Bird Brouhaha, or the Grave Situation of Charlie Parker
The turbulence surrounding Charlie Parker’s brief, star-crossed life barely subsided when he died in New York City on March 12, 1955. Among other things, rumors have circulated for decades that the reported cause of death--lobar pneumonia--was incorrect. Despite the fact that an autopsy was conducted, stories suggesting that he was shot, that he was injured in a fight with another musician, that there was a cover-up, have persisted.
And it didn’t stop there. Parker was interred in Kansas City, Mo., despite the assertion by his then common-law wife, Chan Parker, that he had asked her not to permit anyone to bury him in his hometown. Compounding the situation, his initial gravestone gave the wrong date of birth, and a new gravestone (unveiled in 1994) includes a carving of a tenor saxophone rather than Parker’s chosen instrument, the alto.
“That may be an inconsequential detail to many,” writes Mike Metheny, editor of Kansas City’s JAM magazine, “but if somebody carved a banjo onto Elvis Presley’s tombstone, you can bet there would be an uproar about that.”
The Parker drama was revived again this year, when a plan was unveiled to move the legendary saxophonist’s remains from the Lincoln Cemetery--which now has come on hard times--to a specially planned location (which already displays one of Parker’s saxophones) at 18th and Vine, one of Kansas City’s historic jazz locations.
At the moment, there is no easy solution, with much of Kansas City’s jazz community taking sides. The Charlie Parker Memorial Foundation, which maintains the grave site, is adamantly opposed to the exhumation. Others, including Metheny, see it as an opportunity to create a dignified final resting place for Parker.
In an unrelated but parallel development, Kansas City engineer Bill Alburty is advocating the modification of a local television tower to create the image of a 900-foot-high saxophone as a tribute to the city’s identify as a jazz mecca. Maybe the Parker grave plannersand the giant saxophone advocates should get together in a common cause.
Christmas songs and Christmas carols have always had a strong appeal to jazz players, in part because many possess unusually attractive harmonies or brightly buoyant rhythms. Here’s a quick rundown on some of the more appealing new releases:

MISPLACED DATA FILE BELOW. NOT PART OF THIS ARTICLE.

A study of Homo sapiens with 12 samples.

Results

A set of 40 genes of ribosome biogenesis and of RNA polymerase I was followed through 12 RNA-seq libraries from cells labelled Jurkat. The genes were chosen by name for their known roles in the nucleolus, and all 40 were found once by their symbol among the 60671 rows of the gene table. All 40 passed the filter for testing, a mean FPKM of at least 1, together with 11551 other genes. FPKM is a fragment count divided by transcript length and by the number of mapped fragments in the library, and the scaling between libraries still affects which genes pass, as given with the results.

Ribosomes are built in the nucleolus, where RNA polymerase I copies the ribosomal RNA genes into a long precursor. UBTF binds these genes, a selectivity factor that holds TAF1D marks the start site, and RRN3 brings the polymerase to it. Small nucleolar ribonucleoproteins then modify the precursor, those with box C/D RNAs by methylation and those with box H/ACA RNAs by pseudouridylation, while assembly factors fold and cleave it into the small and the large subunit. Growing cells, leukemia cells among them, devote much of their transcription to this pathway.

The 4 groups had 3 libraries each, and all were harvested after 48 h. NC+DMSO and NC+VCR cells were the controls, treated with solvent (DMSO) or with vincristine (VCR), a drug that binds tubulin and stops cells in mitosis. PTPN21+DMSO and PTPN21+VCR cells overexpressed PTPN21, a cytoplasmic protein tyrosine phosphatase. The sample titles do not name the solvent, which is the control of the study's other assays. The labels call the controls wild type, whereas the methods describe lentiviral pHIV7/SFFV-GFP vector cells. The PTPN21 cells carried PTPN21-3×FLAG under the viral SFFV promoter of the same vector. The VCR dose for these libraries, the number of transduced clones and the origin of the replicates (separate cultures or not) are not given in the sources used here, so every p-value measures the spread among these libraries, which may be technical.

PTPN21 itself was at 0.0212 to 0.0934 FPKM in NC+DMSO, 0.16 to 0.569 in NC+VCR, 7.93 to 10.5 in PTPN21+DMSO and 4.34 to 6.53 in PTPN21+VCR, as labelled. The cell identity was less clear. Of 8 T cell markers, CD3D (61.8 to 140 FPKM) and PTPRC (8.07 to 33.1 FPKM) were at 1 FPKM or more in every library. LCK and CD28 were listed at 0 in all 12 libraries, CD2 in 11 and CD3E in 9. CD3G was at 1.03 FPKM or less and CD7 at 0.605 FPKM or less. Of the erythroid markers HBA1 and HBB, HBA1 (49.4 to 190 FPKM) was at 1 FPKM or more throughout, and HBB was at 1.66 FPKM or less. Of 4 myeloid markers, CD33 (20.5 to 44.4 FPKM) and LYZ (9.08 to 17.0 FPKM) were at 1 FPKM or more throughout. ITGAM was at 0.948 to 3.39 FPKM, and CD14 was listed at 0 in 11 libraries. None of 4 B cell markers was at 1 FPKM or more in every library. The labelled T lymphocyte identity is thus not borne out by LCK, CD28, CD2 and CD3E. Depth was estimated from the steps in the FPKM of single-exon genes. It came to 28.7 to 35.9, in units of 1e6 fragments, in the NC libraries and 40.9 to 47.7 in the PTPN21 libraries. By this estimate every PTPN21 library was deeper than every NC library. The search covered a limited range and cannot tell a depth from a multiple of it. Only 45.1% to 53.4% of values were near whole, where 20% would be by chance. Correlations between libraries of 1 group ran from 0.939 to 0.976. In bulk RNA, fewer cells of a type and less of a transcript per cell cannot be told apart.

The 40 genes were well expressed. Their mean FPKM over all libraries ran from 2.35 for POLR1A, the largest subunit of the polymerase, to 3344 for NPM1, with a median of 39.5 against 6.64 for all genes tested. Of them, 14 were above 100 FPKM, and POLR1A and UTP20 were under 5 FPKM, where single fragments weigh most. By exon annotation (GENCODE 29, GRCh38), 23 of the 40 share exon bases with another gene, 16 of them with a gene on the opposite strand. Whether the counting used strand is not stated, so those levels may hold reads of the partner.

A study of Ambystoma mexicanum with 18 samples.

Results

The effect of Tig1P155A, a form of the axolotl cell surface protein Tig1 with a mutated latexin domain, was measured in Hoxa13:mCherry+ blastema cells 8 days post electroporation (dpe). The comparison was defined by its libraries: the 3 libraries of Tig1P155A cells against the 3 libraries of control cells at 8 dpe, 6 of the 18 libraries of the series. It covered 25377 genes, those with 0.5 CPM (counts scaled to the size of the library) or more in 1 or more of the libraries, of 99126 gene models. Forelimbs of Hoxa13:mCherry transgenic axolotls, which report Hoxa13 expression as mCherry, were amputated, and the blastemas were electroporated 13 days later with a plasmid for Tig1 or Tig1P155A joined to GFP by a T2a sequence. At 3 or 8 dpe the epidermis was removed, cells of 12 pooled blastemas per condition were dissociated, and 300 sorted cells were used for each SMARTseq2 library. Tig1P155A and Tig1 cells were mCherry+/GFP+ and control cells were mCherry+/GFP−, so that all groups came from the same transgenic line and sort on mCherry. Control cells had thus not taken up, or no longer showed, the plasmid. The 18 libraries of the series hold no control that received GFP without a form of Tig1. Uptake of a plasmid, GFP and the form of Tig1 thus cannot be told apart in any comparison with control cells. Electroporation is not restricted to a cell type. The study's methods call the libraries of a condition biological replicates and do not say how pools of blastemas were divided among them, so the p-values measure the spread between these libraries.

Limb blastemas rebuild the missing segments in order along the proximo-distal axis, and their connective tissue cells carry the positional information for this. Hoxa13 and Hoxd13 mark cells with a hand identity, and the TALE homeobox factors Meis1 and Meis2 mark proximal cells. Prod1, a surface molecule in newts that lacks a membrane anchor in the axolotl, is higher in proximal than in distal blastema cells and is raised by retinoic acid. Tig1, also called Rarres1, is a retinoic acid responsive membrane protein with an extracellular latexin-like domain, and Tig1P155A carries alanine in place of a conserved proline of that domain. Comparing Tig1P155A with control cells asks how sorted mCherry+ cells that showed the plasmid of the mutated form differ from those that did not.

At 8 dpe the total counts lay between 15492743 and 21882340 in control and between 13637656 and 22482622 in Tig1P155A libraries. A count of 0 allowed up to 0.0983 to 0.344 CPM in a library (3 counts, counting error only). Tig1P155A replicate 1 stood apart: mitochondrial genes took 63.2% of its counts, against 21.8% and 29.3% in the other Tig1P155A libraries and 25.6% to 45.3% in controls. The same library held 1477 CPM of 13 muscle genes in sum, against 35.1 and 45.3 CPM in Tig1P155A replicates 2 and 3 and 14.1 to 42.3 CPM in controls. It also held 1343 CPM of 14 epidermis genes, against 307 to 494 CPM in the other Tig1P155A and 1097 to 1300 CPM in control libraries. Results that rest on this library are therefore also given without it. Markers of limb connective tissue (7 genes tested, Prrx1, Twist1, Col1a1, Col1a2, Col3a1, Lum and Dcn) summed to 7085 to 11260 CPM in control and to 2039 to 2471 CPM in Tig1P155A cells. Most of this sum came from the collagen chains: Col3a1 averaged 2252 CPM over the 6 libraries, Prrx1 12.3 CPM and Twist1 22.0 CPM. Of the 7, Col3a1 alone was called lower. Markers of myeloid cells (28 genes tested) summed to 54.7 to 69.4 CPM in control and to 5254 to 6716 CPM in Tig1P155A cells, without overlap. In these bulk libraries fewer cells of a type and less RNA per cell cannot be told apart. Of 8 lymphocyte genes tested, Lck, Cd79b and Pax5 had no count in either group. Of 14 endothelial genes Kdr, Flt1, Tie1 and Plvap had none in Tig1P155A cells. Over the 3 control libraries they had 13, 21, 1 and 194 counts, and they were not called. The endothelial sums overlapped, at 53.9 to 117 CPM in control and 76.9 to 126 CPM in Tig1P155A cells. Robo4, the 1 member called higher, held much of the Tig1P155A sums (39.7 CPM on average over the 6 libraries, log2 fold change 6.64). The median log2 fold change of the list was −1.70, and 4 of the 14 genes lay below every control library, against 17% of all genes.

“Christmas With the George Shearing Quintet” (Telarc). Gently swinging renderings of familiar (“White Christmas,” “The Christmas Song”) and less familiar (Claude Thornhill’s “Snowfall” and the French carol “Ding Dong! Merrily on High”) tunes by a quintet sounding very much like Shearing’s famous vibes-and-guitar groups of the ‘40s and ‘50s.
“Etta James: 12 Songs of Christmas” (Private Music). The veteran singer works her blues and gospel-tinged magic on another set of familiar numbers--including a grooving romp through “Merry Christmas, Baby.”
“A Jazz Christmas” (Windham Hill). There’s plenty here to please smooth-jazz fans, as well as some more edgy work from the Braxton Brothers and Larry Coryell (doing a solo reconstruction of “Deck the Halls”).
“Justin Time for Christmas Two” (Justin Time). The Canadian company’s second jazz Christmas outing, with a solidly mainstream orientation. There are engaging performances from pianists Paul Bley and Oliver Jones, and a romping ride through “Jingle Bells” with singer-pianist Diana Krall.
“Big Band Christmas” (Concord). Rob McConnell and the Boss Brass take a characteristically lush look at the standard Christmas repertoire, with a heavy emphasis upon the rich timbral potential in an ensemble rich with woodwinds and French horns.
“Christmas Caravan” (Mammoth). Squirrel Nut Zippers, one of the hot new, young swing-styled ensembles, takes a crack at Christmas-style tunes, most of them originals. The songs are all over the place, ranging from country-style angst to hot jazz, with titles such as “Carolina Christmas” and “A Johnny Ace Christmas.”
Swingin’ In the New Year
Jazz fans once again have an excellent alternative to television’s New Year’s Eve rock celebrations. National Public Radio, available locally via KLON-FM (88.1), ispresenting six hours of live jazz from four cities. The program includes three countdowns to midnight in three time zones.
The program, sponsored by Courvoisier Cognac, kicks off at 7 p.m. with a concert in Toronto featuring soprano saxophonist Jane Bunnett, performing with Canadian and Cuban musicians. The New Year arrives in New York City at the close of the 8 o’clock segment, which showcases the Spirituals to Swing all-star band performing at Manhattan’s Iridium club. The group’s lineup includes pianist Cyrus Chestnut, guitarist Mark Whitfield, saxophonists Craig Handy and Donald Harrison, drummer Carl Allen and bassist Rodney Whitaker, with guest vocalist Vanessa Rubin.
Singer Kurt Elling rings in the New Year in Chicago at the close of the 9 o’clock segment, performing at the Hot House club with the Laurence Hobgood Trio and guest trumpeter Orbert Davis. And the evening climaxes with a Diana Krall set--including superb guitarist Russell Malone--from Yoshi’s in Oakland.